Myra Sabir

Assistant Professor of Human Development, Binghamton University

Founding Director, Binghamton University, Center for Intergenerational Studies, Community Generativity Institute


  • Ph.D., Human Development & Family Studies with focus on Attachment Narratives, Cornell University, Ithaca
  • M.A., Human Development & Family Studies with focus on Gerontology, Cornell University, Ithaca
  • M.T.S., Theology & Human Development with focus on Attachment Narratives, Emory University, Atlanta
  • B.A., Philosophy, Georgia State University, Atlanta


  • Binghamton University
  • Gerontological Society of America (GSA)
  • International Institute of Reminiscence and Life Review (IIRLR)


  • Post-Doctoral Fellowships at Cornell University, Ithaca
    • National Institute on Aging, Cornell Institute for Translational Research on Aging
    • TAW Award, National Institute on Aging
  • Pre-Doctoral Fellowships at Cornell University, Ithaca
    • Provost’s Diversity Fellowship
    • Flora Rose Graduate Fellowship
    • Flemmie Kittrell Graduate Fellowship
    • Graduate Fellowship


  • Narrative Psychology


  • Over 15 years in the fields of human development, gerontolgoy, attachment narratives and narrative psychology


  • Narrative Psychology

Areas of Research Interest:

A couple years ago, a program director at Cornell University enrolled a staff person she supervised in one of my AFIR interventions.  The staff member was in danger of losing her job due to her inability to prevent her personal affairs from interfering with her work. Two years later, the staff member is functioning very well in the office, demonstrating clear sings of effectance motivation to which she attributes the AFIR intervention.  The staff person, the supervisor, and I have decided to write a case study analysis of this experience, which will have implications for human resource personnel.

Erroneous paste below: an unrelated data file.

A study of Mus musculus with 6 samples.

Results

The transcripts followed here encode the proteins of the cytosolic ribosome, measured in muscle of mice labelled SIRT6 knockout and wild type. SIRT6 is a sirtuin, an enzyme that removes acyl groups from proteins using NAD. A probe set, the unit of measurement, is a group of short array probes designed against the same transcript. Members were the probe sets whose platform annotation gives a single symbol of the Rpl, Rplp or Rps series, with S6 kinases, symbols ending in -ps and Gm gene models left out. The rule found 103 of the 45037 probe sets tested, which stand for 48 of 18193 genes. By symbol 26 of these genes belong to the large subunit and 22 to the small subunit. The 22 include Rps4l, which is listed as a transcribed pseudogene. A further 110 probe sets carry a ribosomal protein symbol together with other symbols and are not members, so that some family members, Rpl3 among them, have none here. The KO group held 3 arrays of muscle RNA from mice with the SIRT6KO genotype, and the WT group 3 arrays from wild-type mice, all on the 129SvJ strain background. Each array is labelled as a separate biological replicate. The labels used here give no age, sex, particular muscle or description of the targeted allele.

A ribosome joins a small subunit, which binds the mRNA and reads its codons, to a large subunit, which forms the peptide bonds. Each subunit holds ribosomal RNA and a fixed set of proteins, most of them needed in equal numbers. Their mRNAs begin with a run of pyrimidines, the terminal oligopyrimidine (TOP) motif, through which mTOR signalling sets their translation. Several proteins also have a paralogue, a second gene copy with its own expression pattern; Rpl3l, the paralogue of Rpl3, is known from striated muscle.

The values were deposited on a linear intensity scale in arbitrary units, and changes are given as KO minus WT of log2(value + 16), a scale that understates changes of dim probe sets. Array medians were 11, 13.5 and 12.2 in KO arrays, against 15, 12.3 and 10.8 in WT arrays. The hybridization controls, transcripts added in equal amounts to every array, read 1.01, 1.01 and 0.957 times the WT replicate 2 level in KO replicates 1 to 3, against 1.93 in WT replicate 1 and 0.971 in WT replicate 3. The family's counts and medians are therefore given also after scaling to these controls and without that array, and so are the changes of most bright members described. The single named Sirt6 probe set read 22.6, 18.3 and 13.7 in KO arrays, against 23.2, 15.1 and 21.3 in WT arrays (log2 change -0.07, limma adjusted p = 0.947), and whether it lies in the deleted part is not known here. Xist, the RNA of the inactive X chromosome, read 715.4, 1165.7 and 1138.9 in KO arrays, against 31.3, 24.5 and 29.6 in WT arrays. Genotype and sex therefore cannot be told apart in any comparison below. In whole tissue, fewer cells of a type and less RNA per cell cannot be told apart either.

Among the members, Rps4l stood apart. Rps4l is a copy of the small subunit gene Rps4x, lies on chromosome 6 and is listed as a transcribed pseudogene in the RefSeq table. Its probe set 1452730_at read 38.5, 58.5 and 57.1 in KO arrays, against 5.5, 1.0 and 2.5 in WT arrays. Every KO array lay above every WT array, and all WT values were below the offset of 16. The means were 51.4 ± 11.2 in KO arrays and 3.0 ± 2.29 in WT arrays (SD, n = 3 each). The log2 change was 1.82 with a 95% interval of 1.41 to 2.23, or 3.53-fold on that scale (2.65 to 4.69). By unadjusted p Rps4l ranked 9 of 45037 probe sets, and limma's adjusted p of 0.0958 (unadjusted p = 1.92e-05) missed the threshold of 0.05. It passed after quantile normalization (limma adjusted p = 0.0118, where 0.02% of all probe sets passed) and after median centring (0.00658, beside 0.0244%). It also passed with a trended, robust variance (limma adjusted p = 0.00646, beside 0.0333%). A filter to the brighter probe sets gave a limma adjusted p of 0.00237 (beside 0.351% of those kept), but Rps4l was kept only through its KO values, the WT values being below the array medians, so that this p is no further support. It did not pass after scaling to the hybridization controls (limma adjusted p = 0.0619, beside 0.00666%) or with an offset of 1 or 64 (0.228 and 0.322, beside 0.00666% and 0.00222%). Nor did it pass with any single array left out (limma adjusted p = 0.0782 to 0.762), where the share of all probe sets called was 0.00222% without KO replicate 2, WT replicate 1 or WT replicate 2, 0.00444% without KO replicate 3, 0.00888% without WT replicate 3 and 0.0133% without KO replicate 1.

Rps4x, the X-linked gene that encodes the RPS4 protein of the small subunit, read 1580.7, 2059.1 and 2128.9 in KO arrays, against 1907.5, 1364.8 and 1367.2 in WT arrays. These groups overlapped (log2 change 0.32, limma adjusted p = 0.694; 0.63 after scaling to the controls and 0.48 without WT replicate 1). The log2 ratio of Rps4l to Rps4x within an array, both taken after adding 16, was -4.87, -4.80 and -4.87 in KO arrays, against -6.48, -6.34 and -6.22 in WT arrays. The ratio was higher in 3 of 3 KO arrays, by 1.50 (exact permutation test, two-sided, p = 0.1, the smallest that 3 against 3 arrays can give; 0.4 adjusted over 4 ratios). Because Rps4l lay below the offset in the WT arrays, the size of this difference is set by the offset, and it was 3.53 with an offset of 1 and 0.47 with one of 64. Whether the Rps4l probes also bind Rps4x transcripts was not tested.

There are eight additional cases similar to the one reported on in the article on effectance motivation described above.  Each of the stories provides unique insight to the ways in which effectance motivation is demonstrated following AFIR.  I’m looking to submit a book proposal once the original article is published to report these stories.

A central part of my scholarly work is to continue to lay new theoretical groundwork for my intervention research as much work is needed in this area.

I am also working to establish a research and training institute called the Community Generativity Institute (CGI). The CGI will continue to apply AFIR interventions but will also train human service and other professionals and lay community persons to conduct Life-writing (AFIR) interventions in the community. Future research related to the development, sustenance, and establishment of the Institute includes fidelity research and implementation/dissemination research.

I also plan to do an evaluation of best measures of attachment and to deepen my grasp of John Bowlby’s concept of the Internal Working Model, a concept that is fundamental to the idea of generative community.


Complete list of publications


  • Sabir, M. (In Press).  Personalized and Global Generativity:  A Prevalent, Important, but Unlabeled Distinction in the Literature.  Journal of Adult Development.
  • Sabir, M. and Pillemer, K. (2014). An intensely sympathetic awareness: Experiential similarity and cultural norms as means for gaining older African Americans’ trust of scientific research. Journal of Aging Studies, 29, 142–149.
  • Sabir, M. (December, 2014).  Psychological Safety and Social Justice. In Sherwood Thompson (Ed.), Encyclopedia of Diversity and Social Justice. Lanham, MD: Rowman & Littlefield Publishing Group.


  • Sabir, M. (Revise & Resubmit). Effectance Motivation:  A practical outcome of attachment-focused integrative reminiscence.  International Journal of Reminiscence and Life Review.
  • Sabir, M. (Revise & Resubmit).  The Family Sanctum: Nature’s System for Shared Inner Life, Generative Change, and Expanded Being.  Journal of Religion, Spirituality, and Aging.
  • Sabir, M. ( in process). Book Review of Anne Carlsen and Jane Dutton (Eds.), Research Alive: Exploring Generative Moments in Doing Qualitative Research, 2011. Norway: Ola Hakansson.